Sense of Style


The environs of the Morgan Avenue station in Bushwick are fast becoming the newly formed community of Morgantown. The streets here are lined with anonymous factories and warehouses once bustling with thousands only decades ago. While Brooklyn's Industrial Revolution is over, these bastions of manufacturing serve as creative centers for the phenomena of today's maker movement. Recently, Fine & Raw, one of Brooklyn's avant garde bean-to-bar chocolate producers, moved here.





On paper, Daniel Sklaar's experience prior to starting Fine & Raw five years ago has little to do with chocolate. Still, it's his sense of style - of what is and will be hip - that matters. To Daniel chocolate is ephemeral as fashion. I was sipping hot chocolate at his spacious location on Seigel Street when he came down to see me. Interestingly, he didn't ask me what I thought about the chocolate (which was sensational). Instead, he asked for my opinion on the design of the heart on the cup I was sipping from. Still, he's firm and succinct about his product: "Food should be classic. Simple." His chocolate is deliberately roasted at low temperature; his truffles are flavored with authentic olive oil.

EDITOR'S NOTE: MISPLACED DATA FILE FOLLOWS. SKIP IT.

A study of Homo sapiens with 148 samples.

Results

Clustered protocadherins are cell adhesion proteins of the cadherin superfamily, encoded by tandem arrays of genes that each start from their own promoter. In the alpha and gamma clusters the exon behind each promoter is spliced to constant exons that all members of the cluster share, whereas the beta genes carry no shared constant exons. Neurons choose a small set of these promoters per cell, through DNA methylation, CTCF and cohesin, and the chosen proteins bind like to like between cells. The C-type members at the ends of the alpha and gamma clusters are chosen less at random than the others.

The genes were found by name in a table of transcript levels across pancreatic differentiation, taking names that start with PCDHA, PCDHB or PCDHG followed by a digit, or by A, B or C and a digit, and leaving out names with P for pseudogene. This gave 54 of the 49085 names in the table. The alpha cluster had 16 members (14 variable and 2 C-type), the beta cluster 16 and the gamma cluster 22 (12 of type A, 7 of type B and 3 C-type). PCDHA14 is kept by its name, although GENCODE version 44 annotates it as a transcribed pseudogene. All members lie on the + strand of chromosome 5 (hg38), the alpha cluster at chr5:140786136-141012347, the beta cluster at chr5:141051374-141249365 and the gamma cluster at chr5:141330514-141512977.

Running Fine & Raw is no frivolous undertaking - though he and his staff seem to have a lot of fun. During the summer, one may spot Daniel bicycling with a delivery of 50 lbs of chocolate kept cool with another 20 lbs of ice on his back. And there are concerns - chiefly about letting go of creative control - and other difficulties. Daniel makes larger deliveries with a nifty white three-wheeler that's broken down more than once en route. The time it happened on the Williamsburg Bridge is branded into his memory.



Daniel is surely not a classic Brooklyn industrialist, but an "eco-chic and forward" designer and innovator. On a private tour of his operation, he pointed out equipment he personally improvised for efficiently winnowing (separating the husk from the cacao) and conching (the last step in the flavoring and refining process). Toward the end of the tour, he alluded to a space reserved for cacao trees. Chocolate producers get their cacao from the tropics naturally, but Daniel may eventually produce an exclusive "jungle-to-bar" chocolate right here in Brooklyn. Honestly, I didn't get Daniel. But I really dug his imagination and style.